VoIP and the Economy

Peter : On Rad's Radar?
Peter
| Peter Radizeski of RAD-INFO, Inc. talking telecom, Cloud, VoIP, CLEC, and The Channel.

VoIP and the Economy

VoIP originally was sold as the answer to the next wave of cost savings for consumers and especially for small business. Business phone lines have always cost more than residential lines because, in theory, businesses use the phone line more often. (I guess, if you have 2 teenagers then that equals 1 small business).

Now that businesses are looking for ways to cut costs, analysts are predicting a rise in VoIP sales. Maybe. Define VoIP.  Hosted PBX certainly offers an attractive ROI, but to take full advantage of it, there is an upfront CAPEX (capital expenditure) that includes: IP Phones, cabling, POE switch, and some form of IAD or QOS Router like an Edgewater.   A lease could alleviate some of this, but Voxilla agrees with me on the CAPEX question.

If we are talking about the myriad apps that offer VoIP on the cell phone, I have to ask, why? These apps don't work on every handset. These apps either use up minutes (on callbacks) or data. It seems that it would be cheaper to bulk up the minutes than go through the trouble. But Gary Kim writes that the small business segment will move mainly to cellular IF the iPhone can become like the desk phone. I guess people like to ask, "Huh? What? you cut out there." Or more likely they aren't paying attention any way so don't care about call quality, dropped calls, or dead batteries.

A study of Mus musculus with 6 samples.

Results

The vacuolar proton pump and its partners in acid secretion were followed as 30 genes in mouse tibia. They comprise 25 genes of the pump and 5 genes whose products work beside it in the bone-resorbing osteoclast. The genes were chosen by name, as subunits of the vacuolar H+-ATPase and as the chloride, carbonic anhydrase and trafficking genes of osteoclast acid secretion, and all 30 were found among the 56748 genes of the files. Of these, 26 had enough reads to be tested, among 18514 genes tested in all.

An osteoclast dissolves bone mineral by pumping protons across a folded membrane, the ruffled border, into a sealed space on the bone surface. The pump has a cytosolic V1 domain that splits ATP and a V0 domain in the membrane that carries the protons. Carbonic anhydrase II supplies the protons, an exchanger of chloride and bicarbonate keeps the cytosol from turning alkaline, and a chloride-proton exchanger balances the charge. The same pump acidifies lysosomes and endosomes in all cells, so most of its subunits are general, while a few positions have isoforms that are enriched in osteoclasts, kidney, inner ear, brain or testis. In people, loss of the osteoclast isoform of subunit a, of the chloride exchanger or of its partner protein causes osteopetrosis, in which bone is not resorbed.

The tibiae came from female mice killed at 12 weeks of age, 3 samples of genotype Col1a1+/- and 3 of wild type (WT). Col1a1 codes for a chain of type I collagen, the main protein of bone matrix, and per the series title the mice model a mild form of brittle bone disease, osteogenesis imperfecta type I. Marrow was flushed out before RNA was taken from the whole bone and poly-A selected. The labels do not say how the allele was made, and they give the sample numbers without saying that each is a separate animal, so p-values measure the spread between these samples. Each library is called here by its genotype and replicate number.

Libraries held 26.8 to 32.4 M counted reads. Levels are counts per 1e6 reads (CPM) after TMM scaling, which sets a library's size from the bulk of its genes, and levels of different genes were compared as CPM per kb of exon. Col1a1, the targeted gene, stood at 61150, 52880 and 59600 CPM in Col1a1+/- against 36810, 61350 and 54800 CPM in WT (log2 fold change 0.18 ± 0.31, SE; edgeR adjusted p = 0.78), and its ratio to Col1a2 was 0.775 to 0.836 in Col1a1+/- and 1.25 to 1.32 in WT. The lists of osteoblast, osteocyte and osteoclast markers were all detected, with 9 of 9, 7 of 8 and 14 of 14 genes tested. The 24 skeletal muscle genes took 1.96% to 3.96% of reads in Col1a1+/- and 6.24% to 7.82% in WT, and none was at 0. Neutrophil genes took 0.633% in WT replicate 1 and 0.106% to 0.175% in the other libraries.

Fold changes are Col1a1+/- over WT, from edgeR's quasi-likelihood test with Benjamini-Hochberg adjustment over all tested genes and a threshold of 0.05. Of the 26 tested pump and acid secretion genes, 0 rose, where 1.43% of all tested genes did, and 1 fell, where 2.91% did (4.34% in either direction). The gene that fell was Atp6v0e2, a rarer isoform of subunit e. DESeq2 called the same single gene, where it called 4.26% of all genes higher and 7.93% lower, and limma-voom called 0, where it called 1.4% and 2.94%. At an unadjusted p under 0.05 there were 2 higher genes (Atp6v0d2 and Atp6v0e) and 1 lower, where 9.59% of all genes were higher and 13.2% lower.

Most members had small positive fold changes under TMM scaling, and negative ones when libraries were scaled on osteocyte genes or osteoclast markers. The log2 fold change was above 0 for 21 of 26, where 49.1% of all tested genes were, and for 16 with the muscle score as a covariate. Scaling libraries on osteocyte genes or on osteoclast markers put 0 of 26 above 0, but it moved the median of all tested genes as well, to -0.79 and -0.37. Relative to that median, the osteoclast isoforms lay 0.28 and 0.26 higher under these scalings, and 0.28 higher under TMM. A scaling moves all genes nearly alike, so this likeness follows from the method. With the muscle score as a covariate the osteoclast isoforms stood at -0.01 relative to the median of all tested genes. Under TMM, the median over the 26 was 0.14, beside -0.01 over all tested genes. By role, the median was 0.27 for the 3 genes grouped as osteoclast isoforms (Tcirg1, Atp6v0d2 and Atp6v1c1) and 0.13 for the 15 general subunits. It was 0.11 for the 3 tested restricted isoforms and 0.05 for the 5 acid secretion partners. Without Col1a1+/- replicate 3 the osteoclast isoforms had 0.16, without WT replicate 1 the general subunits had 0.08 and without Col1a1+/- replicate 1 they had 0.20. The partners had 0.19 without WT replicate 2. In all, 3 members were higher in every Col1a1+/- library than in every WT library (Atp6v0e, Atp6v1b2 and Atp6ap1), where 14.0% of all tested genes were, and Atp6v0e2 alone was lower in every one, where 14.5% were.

VoIP mainly makes sense when there is a lot of inter-branch calling. Or when there is a virtual office, tele-workers, or other location varied need.

While SIP Trunking is the new buzz word, it is sold primarily as a PRI replacement, which makes no sense to me.  TDM and PRI are tried and true. You might save 10%, but so what? SIP Trunking isn't a standard so it may or may not work with your PBX IP card, depending on carrier and implementation. And how much cheaper do you think long distance will be on a SIP Trunk versus a PRI?

If the SIP Trunk is a means to extend the life of a IP-PBX as well as add SIP overlay features, that would be a better offer, but that isn't the "I'll save you 10%" deal that most folks tout. 

Overall, cellular will probably win for the mobility.